Fairview Gardens: Volunteer Wins C.C Hero Award

Fairview Gardens Martin Camp Cox Conserves

Who: Martin Camp, an active volunteer for Fairview Gardens

What: Winner of the 2012 Cox Conserves Hero Award which gives $5,000 to Fairview Gardens

Why: To raise funds and awareness for Fairview Gardens

Where: Fairview Gardens, an organic farm and non-profit education center in Goleta

When: October 17, 2012

Now the Santa Barbara community knows what staff, volunteers and friends of Fairview Gardens have known for years: Martin Camp is a volunteering hero. Camp won this year’s Cox Conserves Award, from Cox Communications and the Trust for Public Land, for his volunteering efforts on the farm. Besides public recognition for his hard work, Fairview Gardens will receive a $5000 award for Camp’s hard work.

When asked how he felt about winning the award, Camp stated, “I’m humbled. I feel great. I’m happy for the farm. It’s nice to be one of many people that give to the community,” said Camp about winning the award.

Camp is a constant presence at Fairview Gardens, a local nonprofit and urban farm and education center, who has rehabilitated farm equipment, help with any construction needs and much more. Over the last three years, Camp has helped Fairview Gardens with many projects that he allowed him to use his engineering and building skills. He began volunteering after learning about the farm after purchasing a weekly produce share in the Community Supported Agriculture Program at Fairview Gardens.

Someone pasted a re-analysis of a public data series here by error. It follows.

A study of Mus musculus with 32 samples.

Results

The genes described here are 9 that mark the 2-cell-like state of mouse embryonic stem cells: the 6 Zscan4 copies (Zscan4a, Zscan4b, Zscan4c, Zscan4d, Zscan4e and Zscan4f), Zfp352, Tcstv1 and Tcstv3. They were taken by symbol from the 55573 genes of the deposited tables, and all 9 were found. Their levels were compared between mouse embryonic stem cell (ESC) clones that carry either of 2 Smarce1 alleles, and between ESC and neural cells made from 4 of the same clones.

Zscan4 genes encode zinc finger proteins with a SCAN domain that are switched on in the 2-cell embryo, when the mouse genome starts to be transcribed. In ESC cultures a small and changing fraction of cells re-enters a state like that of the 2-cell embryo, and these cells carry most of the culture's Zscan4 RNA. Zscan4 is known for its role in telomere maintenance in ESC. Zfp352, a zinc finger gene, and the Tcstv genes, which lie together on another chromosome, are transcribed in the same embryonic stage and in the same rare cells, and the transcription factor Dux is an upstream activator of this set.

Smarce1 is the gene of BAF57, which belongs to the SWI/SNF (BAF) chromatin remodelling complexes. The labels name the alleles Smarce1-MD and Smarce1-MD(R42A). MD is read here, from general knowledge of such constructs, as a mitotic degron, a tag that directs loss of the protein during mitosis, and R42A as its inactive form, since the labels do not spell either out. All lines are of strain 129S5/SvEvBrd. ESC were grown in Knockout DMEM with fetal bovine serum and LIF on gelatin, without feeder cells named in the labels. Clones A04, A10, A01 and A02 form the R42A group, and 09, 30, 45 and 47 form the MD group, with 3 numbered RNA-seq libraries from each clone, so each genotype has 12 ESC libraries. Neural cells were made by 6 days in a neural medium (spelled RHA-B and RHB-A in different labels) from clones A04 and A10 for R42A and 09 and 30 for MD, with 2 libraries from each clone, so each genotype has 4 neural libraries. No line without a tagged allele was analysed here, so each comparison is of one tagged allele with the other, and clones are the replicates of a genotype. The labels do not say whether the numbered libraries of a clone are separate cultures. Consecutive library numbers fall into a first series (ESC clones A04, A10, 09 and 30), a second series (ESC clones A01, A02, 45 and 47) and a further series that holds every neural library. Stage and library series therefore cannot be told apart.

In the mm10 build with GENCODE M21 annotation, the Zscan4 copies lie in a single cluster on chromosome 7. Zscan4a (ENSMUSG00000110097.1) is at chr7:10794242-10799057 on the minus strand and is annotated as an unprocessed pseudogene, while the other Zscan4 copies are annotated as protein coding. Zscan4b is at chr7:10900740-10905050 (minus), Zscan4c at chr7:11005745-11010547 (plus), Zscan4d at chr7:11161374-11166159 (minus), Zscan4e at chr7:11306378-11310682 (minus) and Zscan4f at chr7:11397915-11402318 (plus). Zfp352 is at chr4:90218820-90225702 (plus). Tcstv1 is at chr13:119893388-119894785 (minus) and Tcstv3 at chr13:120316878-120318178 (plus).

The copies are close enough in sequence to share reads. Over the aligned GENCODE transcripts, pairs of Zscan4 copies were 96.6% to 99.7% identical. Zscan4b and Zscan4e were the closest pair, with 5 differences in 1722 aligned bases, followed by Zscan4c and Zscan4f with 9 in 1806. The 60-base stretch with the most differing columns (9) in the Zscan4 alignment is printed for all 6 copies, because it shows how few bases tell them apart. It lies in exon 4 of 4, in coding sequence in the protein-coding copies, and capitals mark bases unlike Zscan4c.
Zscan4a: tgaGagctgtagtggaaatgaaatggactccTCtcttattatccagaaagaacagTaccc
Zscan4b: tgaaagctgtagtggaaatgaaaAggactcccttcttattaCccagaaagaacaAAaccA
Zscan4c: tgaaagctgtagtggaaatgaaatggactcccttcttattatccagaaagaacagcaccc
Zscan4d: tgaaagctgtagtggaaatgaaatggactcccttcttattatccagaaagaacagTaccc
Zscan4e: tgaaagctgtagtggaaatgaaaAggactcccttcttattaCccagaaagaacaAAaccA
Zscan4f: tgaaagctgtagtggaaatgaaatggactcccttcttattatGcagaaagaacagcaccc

Camp, who is originally from Niles, Michigan, worked as an engineer at a nuclear power plant for 20 years, before switching gears and pursuing a career as a cabinetmaker. He moved to the Santa Barbara area 10 years ago from Boston, and has worked as a volunteer at numerous area nonprofits besides Fairview Gardens, including Habitat for Humanity.

But it’s his work at Fairview Gardens that won him the recent Cox Conserves award. He said that he appreciates the mission of Fairview Gardens because of its historical place in the community because the land has existed as a working farm since the late 1800s, despite being surrounded by developments.

“The most important thing you can do in your life is preserve the land,” Camp said.

Sponsored by the Trust for Public Land, Cox Communications and Montecito Bank and Trust, the Cox Conserves Heroes award is designed to “honor volunteers who are creating, preserving or enhancing outdoor spaces,” according to the Cox Communication press release.

While for many, volunteering is an occasional act of service, for Camp, helping out nonprofits is nothing special. It’s just part of his everyday life.

“I encourage people to volunteer if they have any extra time at all. Find a nice local nonprofit and help out,” said Camp.